Streams have been in the news quite a bit over the last several months. Just today, I saw an article about additional trout stream designations in Pennsylvania - a legal change for many small waters that would "protect" them from "impacts." In the details of the article is the reality though - the designation provides for greater mitigation - not prevention - of impacts to these streams. The US EPA's much-embattled "Clean Water Rule," currently under attack by at least four Congressional bills, opines that by designating more ephemeral/dry streams as "Protected Federal Waters," that clean water will be protected. It's impossible to ignore that without protecting the footprint of streams, that eventually those streams might be obliterated with changing land use. That much is true. The footprint of streams should be Federally Protected. It makes common sense, until one realizes that the US EPA approves between 96-99% of all landowner requests to destroy Protected Federal Waters. And that EPA has never, once, achieved a "no net loss" of American streams, if they are even calculating the rate of loss. No one would argue with the fact that we have fewer miles of Federally Protected Streams every year. But most of this loss occurs under the EPA's guidance.
So what does stream "protection" mean? Generally, it means that government permits are required to alter the flow of the stream, place it in a pipe, conduct construction over top of it, or simply pave over it. In some cases, a "mitigation" project is required to offset the damage to that particular stream. In other cases, "exemptions" and "waivers" are provided, because in the United States, landowner rights must be balanced with public interest (protection of interstate waters). These stream laws, though, only protect what is below the bank of the stream - the footprint of the stream. Upland areas nearby the stream generally do not enjoy serious protection that can't be undone by waivers and exemptions.
What does that mean? Below is a satellite image from Google Maps, showing a stream that is protected by federal, state, and county laws from being impacted.
Yes, other than two sets of pipes, this stream was protected from adjacent land uses. Developers stopped their projects outside of the stream. And BRAVO for that -honestly. Since there are trees, and since the federal, state, and county government agencies have deemed it "protected," you're probably imagining that it looks like this:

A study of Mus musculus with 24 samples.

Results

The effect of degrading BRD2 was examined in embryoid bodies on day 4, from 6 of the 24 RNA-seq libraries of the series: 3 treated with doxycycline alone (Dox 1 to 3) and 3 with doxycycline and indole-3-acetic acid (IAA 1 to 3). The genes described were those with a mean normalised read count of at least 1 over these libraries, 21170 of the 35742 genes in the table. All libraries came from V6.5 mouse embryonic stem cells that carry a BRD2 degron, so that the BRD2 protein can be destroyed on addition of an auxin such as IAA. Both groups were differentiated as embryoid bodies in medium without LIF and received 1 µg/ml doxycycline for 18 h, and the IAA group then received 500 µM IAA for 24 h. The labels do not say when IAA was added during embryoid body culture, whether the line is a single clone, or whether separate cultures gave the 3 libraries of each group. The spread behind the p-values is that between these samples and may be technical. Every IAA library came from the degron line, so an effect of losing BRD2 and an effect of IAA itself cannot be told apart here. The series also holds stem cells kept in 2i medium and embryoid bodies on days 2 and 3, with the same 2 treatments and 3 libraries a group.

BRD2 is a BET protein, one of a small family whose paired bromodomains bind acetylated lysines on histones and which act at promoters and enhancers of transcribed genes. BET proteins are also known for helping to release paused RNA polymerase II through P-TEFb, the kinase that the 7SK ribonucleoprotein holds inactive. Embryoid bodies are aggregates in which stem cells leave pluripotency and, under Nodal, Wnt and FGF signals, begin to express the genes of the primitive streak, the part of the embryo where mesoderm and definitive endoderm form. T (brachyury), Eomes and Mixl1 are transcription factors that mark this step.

But here's what that stream actually looks like:
The reason for this is that the stream protection laws (remember, this is a Federally Protected Stream) do not impact, and in most cases cannot legally impact private land development (or highway construction) that occurs uphill. The commercial land uses uphill have used this kind of material to fill in the stream's valley over the last 100 years:
Piles like that contain garbage, metal pollution, plastics, and concrete, which of course can change the chemistry of nearby streams by itself. And on farms, well, here's a Federally Protected Stream running through a farm (Photo Credit: Outlookseries.com) :
Guess what's in that corn? Pesticides that can travel a half mile to water and kill stream insects. Sediment that chokes out valuable water plants that waterfowl depend upon. Roundup. Literally tons of Roundup. But hey, we have Federally Protected the stream - so all is well, right? How many high quality fish do you think live in that stream?
America's environmental protection mindset has a dirty secret that, like most dirty secrets, seemed like a good idea at the time. Federally Protected Streams are tracked in linear feet, not quality, and not in sustainability. Federally Protected Wetlands are tracked in square feet, not quality, not for the amount of wildlife they support, or the uniqueness of their plants. The problem with this, and with many natural resource protection laws, is that they look at the protected resource as an independent part of the landscape, when in fact, it is not.
The fact is that simply protecting all of the water will not protect many, or any, streams. The fact is that requiring a 10 foot - or 100 foot - tree buffer around streams (something that federal and state stream protection laws do NOT do, but County laws CAN) won't hide the impact that 100.5 feet upstream is a 90 acre shopping mall with few or no stormwater controls. Don't mistake the basic fact that if we fail to protect our waterways where they exist, they simply will fail to exist. That in itself is a valid defense for stream protection laws.
But it's important to understand that just because we put a fence around a stream or wetland, we may not have "saved" a whole heck of a lot. Maybe, one day, we'll start to understand landscape and ecosystem function, and start having more dialogue about what it means to save the integrity of a stream, and not just its footprint. Here's another picture of the Federally Protected Stream shown in the satellite image. I wish someone would tell the dead fish and amphibians not to despair - they are afforded every possible protection of the Clean Water Act.